Microsoft Word Sentence Rewrite
Microsoft Word Sentence Rewrite (Image credit: Windows Central)

What you need to know

  • Microsoft Word online can now suggest rewrites of entire sentences.
  • The feature previously worked with just phrases but has been expanded.
  • To use the feature, you need a Microsoft 365 or Office 365 subscription.

Microsoft recently updated a feature within Microsoft Word online that helps you rewrite sentences. Previously, the Rewrite suggestions feature for Word online only suggested rewrites to phrases. Now, you can highlight an entire sentence and see several suggestions that improve the flow of a sentence. The feature is available now for Word online and requires a Microsoft 365 subscription or Office 365 subscription. Microsoft announced the feature and discussed how it works in a recent tech community post (opens in new tab).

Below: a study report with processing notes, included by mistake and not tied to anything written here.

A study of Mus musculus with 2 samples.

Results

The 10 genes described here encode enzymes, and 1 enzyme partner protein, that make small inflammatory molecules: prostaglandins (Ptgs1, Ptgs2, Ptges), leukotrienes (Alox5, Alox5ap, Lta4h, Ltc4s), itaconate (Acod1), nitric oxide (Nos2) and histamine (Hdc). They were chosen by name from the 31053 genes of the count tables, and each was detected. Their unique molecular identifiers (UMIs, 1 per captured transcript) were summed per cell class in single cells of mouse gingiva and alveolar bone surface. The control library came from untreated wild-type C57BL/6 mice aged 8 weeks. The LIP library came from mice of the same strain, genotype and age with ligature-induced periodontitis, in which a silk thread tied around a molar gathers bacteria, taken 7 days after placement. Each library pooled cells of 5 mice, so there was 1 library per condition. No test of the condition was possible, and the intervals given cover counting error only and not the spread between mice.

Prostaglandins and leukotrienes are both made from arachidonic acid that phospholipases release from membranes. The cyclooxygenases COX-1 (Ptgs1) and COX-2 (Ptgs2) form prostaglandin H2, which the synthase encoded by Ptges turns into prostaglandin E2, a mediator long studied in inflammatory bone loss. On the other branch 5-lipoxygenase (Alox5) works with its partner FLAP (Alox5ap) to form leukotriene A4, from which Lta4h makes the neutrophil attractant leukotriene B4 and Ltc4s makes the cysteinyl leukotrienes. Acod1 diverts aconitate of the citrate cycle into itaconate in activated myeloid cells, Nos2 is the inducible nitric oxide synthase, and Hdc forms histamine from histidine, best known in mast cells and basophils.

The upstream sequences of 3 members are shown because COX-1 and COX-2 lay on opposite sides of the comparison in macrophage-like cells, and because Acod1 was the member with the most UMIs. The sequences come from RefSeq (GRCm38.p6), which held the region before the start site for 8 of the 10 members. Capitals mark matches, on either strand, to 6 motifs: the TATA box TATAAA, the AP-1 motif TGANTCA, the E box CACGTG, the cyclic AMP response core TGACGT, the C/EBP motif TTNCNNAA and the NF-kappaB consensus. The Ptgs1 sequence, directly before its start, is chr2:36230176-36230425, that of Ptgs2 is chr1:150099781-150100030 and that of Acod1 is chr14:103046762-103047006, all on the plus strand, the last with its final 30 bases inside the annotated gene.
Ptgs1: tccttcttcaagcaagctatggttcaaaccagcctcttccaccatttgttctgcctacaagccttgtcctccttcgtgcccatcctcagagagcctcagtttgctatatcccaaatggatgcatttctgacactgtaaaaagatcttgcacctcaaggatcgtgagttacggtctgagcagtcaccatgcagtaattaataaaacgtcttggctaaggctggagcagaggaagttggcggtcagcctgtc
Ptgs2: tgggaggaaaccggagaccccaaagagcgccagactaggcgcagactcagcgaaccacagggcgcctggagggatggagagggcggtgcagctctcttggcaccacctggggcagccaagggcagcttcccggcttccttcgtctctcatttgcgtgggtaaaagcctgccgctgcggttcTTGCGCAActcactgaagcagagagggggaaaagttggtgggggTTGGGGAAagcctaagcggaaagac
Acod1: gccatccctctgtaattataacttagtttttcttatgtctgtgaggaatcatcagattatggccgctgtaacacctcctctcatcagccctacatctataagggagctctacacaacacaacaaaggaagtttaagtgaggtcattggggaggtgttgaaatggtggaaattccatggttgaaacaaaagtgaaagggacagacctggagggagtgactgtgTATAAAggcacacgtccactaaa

Microsoft first showcased the Rewrite suggestions feature at Build conference in 2019, though at the time it could only suggest rewrites to phrases. The feature utilizes a neural network and machine learning models that have been trained with millions of sentences.


At least for now, the feature is only available for Word online.

Sean Endicott
Sean Endicott

Sean Endicott is the news writer for Windows Central. If it runs Windows, is made by Microsoft, or has anything to do with either, he's on it. Sean's been with Windows Central since 2017 and is also our resident app expert. If you have a news tip or an app to review, hit him up at sean.endicott@futurenet.com.

1 Comment
  • Based upon the three terrible suggestions in the screen cap, I would not use this ever. The suggestions don't even say the same thing. "... So that they flow better" is the obvious choice for me but it's not even there. This former editor says: avoid at all costs.